Number 10 ask Metropolitan Police not to publish Downing Streets partygate photos

Boris Johnson receives legal questionnaire from partygate police


The Mirror claimed one image even showed the Prime Minister holding a can of Estrella beside Chancellor Rishi Sunak, 41.

Reports claim the Met has not yet responded but added that they are expected to give Number 10’s request approval.

Sue Gray, 64, who leads a separate report into ‘partygate’, is thought to have “no intention” in publishing the 300 photos that she handed over to the police when her report is complete.

However, Ms Gray could refer to individuals’ job titles or descriptions.


The Cabinet Office is thought to have issued civil servants with a Q&A document.

Staff have also received assurances they will not publicly name those who receive a fixed penalty notice.

The Met is instead expected to state the overall number of people who have been fined at each event.

The police are also in the process of sending questionnaires to 90 alleged lockdown party attendees.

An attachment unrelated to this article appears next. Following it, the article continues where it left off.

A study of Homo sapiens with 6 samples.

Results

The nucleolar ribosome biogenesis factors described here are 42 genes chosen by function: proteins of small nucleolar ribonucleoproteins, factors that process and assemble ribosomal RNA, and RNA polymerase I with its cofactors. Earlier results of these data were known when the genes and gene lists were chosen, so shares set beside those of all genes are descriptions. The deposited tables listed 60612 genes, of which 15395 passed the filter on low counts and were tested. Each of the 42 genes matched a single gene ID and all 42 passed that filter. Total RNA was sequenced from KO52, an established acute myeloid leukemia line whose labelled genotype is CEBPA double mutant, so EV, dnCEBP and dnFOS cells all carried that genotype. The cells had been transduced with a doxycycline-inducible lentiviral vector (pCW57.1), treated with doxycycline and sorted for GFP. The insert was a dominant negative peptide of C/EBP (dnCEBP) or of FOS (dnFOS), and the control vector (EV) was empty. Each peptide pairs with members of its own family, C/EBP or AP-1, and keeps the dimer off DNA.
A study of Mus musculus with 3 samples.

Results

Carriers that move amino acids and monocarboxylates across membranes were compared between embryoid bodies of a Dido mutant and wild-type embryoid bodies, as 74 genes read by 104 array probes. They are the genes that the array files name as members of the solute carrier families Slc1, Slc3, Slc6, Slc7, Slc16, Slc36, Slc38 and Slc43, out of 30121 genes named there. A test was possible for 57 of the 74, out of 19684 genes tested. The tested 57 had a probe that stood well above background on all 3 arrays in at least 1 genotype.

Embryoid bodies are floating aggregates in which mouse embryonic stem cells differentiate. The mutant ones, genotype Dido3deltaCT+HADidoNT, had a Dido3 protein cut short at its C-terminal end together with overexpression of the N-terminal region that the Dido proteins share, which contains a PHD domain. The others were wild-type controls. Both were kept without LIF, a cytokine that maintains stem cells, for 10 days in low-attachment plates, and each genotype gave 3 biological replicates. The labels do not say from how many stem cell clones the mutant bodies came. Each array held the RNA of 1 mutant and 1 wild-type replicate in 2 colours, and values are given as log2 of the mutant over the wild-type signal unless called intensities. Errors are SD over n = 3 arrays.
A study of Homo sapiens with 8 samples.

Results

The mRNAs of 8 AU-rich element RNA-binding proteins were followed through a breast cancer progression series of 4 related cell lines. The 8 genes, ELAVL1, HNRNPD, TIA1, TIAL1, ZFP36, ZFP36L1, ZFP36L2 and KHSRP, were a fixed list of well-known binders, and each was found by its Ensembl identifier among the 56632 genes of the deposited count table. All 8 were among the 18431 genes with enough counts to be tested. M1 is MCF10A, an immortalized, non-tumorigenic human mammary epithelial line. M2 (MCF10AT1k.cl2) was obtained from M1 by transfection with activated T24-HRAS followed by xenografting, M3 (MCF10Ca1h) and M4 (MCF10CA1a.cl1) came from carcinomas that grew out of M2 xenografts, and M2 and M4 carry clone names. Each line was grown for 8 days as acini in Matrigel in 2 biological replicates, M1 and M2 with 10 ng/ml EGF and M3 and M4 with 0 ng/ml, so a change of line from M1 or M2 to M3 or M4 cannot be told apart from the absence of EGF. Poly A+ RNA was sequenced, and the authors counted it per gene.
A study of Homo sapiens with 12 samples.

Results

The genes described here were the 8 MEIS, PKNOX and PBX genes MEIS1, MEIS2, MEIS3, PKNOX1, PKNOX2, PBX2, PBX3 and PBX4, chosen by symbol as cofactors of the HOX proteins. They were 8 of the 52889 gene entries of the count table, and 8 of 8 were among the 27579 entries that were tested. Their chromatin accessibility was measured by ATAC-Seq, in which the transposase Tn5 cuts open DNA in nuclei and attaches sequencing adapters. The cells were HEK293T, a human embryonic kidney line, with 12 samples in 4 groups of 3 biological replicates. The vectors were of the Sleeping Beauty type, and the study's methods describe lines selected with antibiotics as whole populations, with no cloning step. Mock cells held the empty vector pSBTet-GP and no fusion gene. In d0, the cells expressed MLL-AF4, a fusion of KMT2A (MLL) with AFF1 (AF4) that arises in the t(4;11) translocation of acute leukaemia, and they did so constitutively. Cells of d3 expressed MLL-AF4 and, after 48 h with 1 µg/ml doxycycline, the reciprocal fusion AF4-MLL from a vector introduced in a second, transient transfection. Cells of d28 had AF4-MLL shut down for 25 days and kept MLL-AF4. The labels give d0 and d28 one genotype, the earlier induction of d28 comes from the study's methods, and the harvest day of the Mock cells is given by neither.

Mr Johnson recently hired a private lawyer and instructed Scotland Yard to send the questionnaire to his legal team.

The Prime Minister is expected to say he attended six different events as a part of his working day.

He will therefore rely on his diaries to prove he returned to work meetings afterwards.

However, legal experts have questioned Mr Johnson’s potential defence.


Mr Wagner, who told his Twitter followers to back Remain or risk Mr Johnson becoming Prime Minister in 2016, added: “There is no definition of ‘participate’ in the regulations, so it just means what you would think it means.

“For example, being photographed with a bottle of beer at a birthday gathering which was arranged for you very strongly suggests ‘participation’.”

The Cabinet Office declined to provide comment to the Times.